Napier Javelin


The Napier Javelin was a British six-cylinder inline air-cooled engine designed by Frank Halford and built by D. Napier & Son.[1] First flown in March 1934 in the prototype of the Percival Mew Gull racing aircraft, the engine was also used in the Spartan Arrow biplane and the Percival Gull.[2]

Type Piston aero-engine
Manufacturer D. Napier & Son
First run 1932
Major applications Martin-Baker M.B.1 (one aircraft only)
Percival Gull Four Mk IIA

Development and designEdit

In 1930 D. Napier & Son identified a market for light aircraft engines, noting that light aircraft cost much the same as their cars used to and were being purchased by much the same class of gentleman. Frank Halford had been engaged as consultant designer and now began work on an air-cooled inverted six-cylinder design. Following a change of personnel, the engine was given the go-ahead in 1932, with aircraft manufacturer de Havilland identified as a likely customer.[3]

Unlike the later de Havilland Gipsy Six the poppet valves were operated by a single gear driven overhead camshaft.

The engine was first named the E97 and introduced to the market in 1932.[4] However none were sold and, after slight modifications, it was reintroduced the next year as the Javelin.[3]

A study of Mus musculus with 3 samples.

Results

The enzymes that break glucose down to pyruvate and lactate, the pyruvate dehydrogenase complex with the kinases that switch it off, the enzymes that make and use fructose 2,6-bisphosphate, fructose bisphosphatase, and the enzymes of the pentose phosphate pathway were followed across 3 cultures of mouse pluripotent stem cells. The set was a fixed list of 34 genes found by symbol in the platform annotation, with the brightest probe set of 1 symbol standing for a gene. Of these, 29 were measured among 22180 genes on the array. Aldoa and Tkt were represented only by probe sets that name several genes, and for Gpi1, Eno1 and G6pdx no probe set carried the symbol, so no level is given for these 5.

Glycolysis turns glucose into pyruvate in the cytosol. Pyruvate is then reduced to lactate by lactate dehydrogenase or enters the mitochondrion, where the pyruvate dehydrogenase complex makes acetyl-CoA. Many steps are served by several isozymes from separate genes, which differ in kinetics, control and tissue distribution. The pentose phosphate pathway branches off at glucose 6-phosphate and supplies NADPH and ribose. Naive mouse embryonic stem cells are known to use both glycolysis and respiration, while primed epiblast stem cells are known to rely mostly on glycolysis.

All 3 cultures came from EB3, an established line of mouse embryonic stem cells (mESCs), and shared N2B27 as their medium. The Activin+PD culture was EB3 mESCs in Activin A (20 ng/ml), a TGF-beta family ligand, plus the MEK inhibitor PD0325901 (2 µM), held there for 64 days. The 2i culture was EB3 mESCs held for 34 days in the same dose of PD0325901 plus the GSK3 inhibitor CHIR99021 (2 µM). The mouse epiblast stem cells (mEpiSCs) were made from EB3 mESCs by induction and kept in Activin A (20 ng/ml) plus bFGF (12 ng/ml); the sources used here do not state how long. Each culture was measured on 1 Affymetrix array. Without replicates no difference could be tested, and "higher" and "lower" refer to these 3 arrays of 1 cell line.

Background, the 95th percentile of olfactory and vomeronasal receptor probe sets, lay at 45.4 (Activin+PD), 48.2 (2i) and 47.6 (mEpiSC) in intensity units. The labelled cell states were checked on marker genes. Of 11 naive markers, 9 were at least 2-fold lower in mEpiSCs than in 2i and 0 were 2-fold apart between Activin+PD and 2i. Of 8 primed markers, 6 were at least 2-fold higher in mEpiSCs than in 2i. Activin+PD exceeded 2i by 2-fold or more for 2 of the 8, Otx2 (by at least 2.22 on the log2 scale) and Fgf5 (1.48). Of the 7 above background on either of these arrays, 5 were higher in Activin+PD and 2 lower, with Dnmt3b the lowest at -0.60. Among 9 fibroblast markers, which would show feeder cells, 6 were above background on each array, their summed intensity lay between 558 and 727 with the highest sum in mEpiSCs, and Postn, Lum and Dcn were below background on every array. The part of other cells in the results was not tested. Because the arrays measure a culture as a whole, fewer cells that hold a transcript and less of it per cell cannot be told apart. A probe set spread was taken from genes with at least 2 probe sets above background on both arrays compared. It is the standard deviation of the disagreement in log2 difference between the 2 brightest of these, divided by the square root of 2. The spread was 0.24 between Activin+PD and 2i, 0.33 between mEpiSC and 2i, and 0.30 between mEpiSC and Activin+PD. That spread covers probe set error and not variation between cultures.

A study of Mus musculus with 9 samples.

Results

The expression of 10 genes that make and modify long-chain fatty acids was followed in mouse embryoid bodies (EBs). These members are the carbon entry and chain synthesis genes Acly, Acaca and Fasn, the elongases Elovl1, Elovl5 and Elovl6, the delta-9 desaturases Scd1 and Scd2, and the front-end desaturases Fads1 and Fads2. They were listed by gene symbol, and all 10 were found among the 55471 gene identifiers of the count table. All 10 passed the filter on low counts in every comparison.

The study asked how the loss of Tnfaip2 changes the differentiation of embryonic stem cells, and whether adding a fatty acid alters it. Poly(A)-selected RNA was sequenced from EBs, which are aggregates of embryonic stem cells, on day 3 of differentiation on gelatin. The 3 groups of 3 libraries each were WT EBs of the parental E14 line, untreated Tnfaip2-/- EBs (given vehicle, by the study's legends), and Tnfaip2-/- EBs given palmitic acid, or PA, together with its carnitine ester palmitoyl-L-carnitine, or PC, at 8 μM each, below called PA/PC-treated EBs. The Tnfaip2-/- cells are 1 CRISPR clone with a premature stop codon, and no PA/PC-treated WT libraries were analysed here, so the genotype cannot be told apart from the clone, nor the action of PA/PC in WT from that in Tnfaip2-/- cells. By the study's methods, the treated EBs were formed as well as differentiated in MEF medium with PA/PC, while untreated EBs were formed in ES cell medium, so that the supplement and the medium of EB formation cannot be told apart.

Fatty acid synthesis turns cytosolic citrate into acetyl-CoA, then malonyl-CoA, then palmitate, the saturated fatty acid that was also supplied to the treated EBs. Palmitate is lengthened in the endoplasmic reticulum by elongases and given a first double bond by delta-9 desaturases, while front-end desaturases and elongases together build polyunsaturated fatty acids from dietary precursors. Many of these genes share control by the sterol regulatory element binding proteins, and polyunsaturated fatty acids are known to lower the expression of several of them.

Development continued but only a few were sold for experimental and prototype aircraft.

By 1935 Napier's needed to refocus their efforts and, with Halford's broadly similar but more powerful de Havilland Gipsy Six now on the market, the Javelin was withdrawn.[3]



Initial version offered in 1932.

Javelin IEdit

First version bearing the Javelin name, producing 150 hp (110 kW).

Javelin IIIEdit

A longer stroke and increased capacity version of 160 hp (120 kW).

Javelin IIIAEdit

A Mark III with a starter motor, generator and other improvements for the Martin Baker MB.1.


Specifications (Javelin I)Edit

Data from [1]

General characteristics

  • Type: 6-cylinder inverted inline air-cooled engine.
  • Bore: 4.5 in (114.3 mm)
  • Stroke: 5.25 in (133.35 mm)
  • Displacement: 501 cu in (8.21 L)
  • Length: 58.5 in (1486 mm)
  • Width: 26 in (660.4 mm)
  • Height: 31.5 in (800 mm)
  • Dry weight: 410 lb (186 kg)


  • Valvetrain: Overhead cam poppet-valves
  • Fuel system: Twin updraught carburettors
  • Fuel type: Petrol
  • Cooling system: Air-cooled
  • Reduction gear: Direct drive, left hand tractor


See alsoEdit

Comparable engines

Related lists



  1. ^ a b Lumsden 2003, p.173.
  2. ^ Lumsden 2003, p.174.
  3. ^ a b c Charles Wilson and William Reader; Men and Machines: D. Napier & Son 1808-1958, Weidenfeld & Nicolson, 1958. pp. 132-3, 141, 145-6.
  4. ^ "Messrs. Napier Inaugurate a New Policy with a Six‐Cylinder Air‐Cooled Type", Aircraft Engineering and Aerospace Technology, Vol.4, No.8, 1 August 1932. pp. 210-212.


  • Lumsden, Alec. British Piston Engines and their Aircraft. Marlborough, Wiltshire: Airlife Publishing, 2003. ISBN 1-85310-294-6.